Empire of the Son: Rupert Murdoch’s Succession


“Life imitates art far more than art imitates life.” So wrote Oscar Wilde in “The Decay of Lying” in 1891. Wilde said art affects the way we look at the world, pointing out that we came to appreciate fog because of painters like Turner who turned fog into beauty.

The art/life question surfaced again last week over Rupert Murdoch’s sudden announcement of his retirement, astounding those who believed he would never retire. The 92-year-old news mogul said he was handing over his empire – chairmanships of News Corporation and Fox Corp – to Lachlan, the eldest son of his four adult children. However, Rupert insisted he had no plans to fade into obscurity and would remain chairman emeritus.

Most commentators doubt the elderly Rupert’s apparent step-down. Politico senior opinion writer Jack Shafer had only one word for the notion Rupert would resign control: preposterous. Nor is Shafer the only one who saw Rupert’s hand-over as an echo of “Succession,” the popular HBO series that told the story (art imitating life) of the fictional Roy family that controlled the world’s biggest media and entertainment company. Logan Roy, the aging patriarch, repeatedly dangled succession in front of his power-hunger children. Who would win out?

Seeds of the similar real-life drama were sown 50 years ago when 22-year-old Rupert inherited an Australian newspaper, developing it into a chain. In 1969, he moved to the UK and began taking over British newspapers — breaking unions, upending journalistic traditions, and influencing policy for ill-starred ideas like Brexit and the Iraq War invasion. Thanks to his newspapers’ falsehoods, Fox viewers still believe in Weapons of Mass Destruction.

In 1981, Rupert moved to America, became a naturalized American citizen and steadily expanded, acquiring Twentieth Century Fox, the Fox News Channel, stealing the NFL from CBS and buying the Wall Street Journal. His empire grew to control 800 companies in 50 countries. In his single-minded drive to attain ever more wealth and power, Murdoch consolidated, selling off Fox Corp’s entertainment and arts divisions earning a vast $71 billion.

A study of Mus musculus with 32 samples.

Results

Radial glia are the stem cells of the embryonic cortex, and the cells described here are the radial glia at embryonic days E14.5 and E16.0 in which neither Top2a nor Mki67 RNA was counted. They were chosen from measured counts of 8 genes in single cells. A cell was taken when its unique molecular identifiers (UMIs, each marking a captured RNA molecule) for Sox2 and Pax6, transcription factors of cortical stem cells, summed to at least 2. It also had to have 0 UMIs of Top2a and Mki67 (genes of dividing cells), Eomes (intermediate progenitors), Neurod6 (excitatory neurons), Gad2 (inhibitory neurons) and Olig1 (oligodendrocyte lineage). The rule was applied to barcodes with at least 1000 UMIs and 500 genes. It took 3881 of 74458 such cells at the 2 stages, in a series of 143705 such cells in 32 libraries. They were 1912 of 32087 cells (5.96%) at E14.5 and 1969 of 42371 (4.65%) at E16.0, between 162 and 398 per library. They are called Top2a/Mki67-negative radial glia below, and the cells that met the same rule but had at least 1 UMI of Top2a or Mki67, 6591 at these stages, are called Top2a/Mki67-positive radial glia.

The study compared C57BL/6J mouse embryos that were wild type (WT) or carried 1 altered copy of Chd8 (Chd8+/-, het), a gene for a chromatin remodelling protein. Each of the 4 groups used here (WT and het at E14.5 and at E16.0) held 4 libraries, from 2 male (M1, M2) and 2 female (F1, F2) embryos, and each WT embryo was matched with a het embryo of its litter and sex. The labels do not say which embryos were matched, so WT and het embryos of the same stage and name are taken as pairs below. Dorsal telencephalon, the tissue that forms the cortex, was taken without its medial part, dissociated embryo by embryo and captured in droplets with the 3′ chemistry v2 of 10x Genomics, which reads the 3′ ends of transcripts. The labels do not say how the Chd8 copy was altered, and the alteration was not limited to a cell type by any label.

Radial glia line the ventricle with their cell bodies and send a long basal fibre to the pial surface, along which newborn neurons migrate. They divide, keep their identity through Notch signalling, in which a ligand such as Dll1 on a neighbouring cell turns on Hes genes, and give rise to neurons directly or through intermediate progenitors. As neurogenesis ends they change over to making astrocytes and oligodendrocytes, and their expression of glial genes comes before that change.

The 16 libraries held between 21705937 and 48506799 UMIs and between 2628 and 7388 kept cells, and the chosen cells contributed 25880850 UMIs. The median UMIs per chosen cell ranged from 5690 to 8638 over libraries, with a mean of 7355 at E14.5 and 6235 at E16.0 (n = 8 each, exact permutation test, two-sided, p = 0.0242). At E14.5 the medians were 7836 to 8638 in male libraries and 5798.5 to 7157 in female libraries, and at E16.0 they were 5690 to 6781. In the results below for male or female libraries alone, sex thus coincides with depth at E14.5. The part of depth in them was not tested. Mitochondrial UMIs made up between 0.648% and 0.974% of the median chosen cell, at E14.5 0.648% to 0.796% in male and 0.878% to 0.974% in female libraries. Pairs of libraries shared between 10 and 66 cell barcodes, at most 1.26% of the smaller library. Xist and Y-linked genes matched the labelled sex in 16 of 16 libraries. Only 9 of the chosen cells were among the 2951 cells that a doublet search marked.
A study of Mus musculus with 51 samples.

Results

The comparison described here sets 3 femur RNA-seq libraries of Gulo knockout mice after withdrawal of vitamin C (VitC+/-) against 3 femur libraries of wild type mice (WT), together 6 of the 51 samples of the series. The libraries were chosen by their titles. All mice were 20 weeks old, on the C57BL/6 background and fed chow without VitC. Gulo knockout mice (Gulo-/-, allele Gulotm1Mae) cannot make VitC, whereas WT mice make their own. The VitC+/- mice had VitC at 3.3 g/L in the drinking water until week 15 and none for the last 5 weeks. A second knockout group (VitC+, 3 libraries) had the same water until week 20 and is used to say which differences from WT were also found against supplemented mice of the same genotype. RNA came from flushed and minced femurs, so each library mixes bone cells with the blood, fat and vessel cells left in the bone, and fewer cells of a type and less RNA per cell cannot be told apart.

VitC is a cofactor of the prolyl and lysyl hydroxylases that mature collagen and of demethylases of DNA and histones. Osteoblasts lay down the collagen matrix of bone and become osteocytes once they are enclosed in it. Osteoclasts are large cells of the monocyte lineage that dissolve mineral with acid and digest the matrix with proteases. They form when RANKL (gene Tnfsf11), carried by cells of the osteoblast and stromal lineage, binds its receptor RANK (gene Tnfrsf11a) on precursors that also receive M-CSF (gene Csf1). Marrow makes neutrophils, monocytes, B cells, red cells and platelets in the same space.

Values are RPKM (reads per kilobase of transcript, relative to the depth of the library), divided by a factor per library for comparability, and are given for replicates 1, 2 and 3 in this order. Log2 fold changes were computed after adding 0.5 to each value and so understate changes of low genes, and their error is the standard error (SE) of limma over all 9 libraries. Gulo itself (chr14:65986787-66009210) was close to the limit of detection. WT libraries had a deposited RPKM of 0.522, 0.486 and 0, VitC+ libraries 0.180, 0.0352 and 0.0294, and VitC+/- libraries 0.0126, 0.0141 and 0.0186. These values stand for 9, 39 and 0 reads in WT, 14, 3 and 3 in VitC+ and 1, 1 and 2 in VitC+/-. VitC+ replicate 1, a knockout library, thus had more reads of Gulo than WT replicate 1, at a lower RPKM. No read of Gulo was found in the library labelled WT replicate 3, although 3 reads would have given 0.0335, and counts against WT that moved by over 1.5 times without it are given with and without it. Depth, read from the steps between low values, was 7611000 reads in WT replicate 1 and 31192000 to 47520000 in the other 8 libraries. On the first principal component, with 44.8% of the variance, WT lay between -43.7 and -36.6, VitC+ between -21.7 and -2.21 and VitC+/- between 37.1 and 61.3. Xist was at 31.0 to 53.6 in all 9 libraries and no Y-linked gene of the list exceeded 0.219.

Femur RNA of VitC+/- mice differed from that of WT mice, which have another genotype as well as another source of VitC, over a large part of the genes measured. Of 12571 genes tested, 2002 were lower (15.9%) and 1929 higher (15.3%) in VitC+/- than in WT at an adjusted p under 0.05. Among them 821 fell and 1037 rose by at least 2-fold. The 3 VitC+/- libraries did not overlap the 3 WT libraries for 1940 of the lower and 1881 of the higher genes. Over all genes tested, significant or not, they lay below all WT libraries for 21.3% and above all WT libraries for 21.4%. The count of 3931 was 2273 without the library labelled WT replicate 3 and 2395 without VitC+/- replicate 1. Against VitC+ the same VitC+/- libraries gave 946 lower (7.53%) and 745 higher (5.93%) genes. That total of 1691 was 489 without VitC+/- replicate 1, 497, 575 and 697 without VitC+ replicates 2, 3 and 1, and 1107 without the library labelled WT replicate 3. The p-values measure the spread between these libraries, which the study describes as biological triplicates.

This is the empire that 52-year-old Laughlin nominally inherits. His leadership is a most worrisome prospect for those who care about social democracy. The elder Murdoch son not only shares Rupert’s drive for wealth but is even more entrenched in his father’s right-wing views. Observers believe that Lachlan will fail to rein in Fox News’ commentators and let Trump use the network to broadcast his lies and propaganda.

Lachlan’s seeming inheritance is not without challenges. Earlier this year, Fox News avoided a trial and paid Dominion Voting Systems $787 million to settle a defamation suit over airing of claims about the 2020 election that it knew to be false. Dominion’s lawsuit was only first in line; yet to be litigated are claims from Smartmatic USA and others.

In addition there are some big changes ahead for media corporations including declines in the cable news and print news businesses. How Lachlan, judged less competent than his dad, will meet those challenges is unknowable. Beyond that is the inevitable: Rupert, even if he remains an eminence grise, will eventually bid a permanent goodbye just as Logan Roy did in the fourth and final season of “Succession.”

When Rupert passes, Lachlan’s legacy could well be disputed by Murdoch’s more liberal heirs — Prue, Elisabeth, and James – each of whom has a single vote in the Murdoch family trust. James resigned from the Fox News board in July, 2020 over disagreement with certain editorial content. He and his wife Kathryn supported Joe Biden that year and donated $100 million to like-minded political groups. Should two of Rupert’s heirs (say James and Elisabeth) connect, they could persuade Prue, who is less politically-minded, to join them in determining the succession and the future of the Murdoch empire.

As with most wealthy legacies (even fictional ones) there are various imagined outcomes. Some observers say the ultimate resolution may involve selling some components of Murdoch’s empire. Or — should the heirs opt for an empire-sized sale — who is a possible buyer? Those peddling imaginary scenarios ask (ala “Succession”): Could it be someone like Washington Post owner Jeff Bezos? Or even the X-man, Elon Musk?

Jean Godden
Jean Godden
Jean Godden wrote columns first for the Seattle Post-Intelligencer and late for the Seattle Times. In 2002, she quit to run for City Council where she served for 12 years. Since then she published a book of city stories titled “Citizen Jean.” She is now co-host of The Bridge aired on community station KMGP at 101.1 FM. You can email tips and comments to Jean at jgodden@blarg.net.


  1. Ouch! Why don’t I catch errors until after turning in articles? In the 4th graph I said that the Murdoch empire began 50 years ago; should have been 70 years. Apologies to readers for my goof.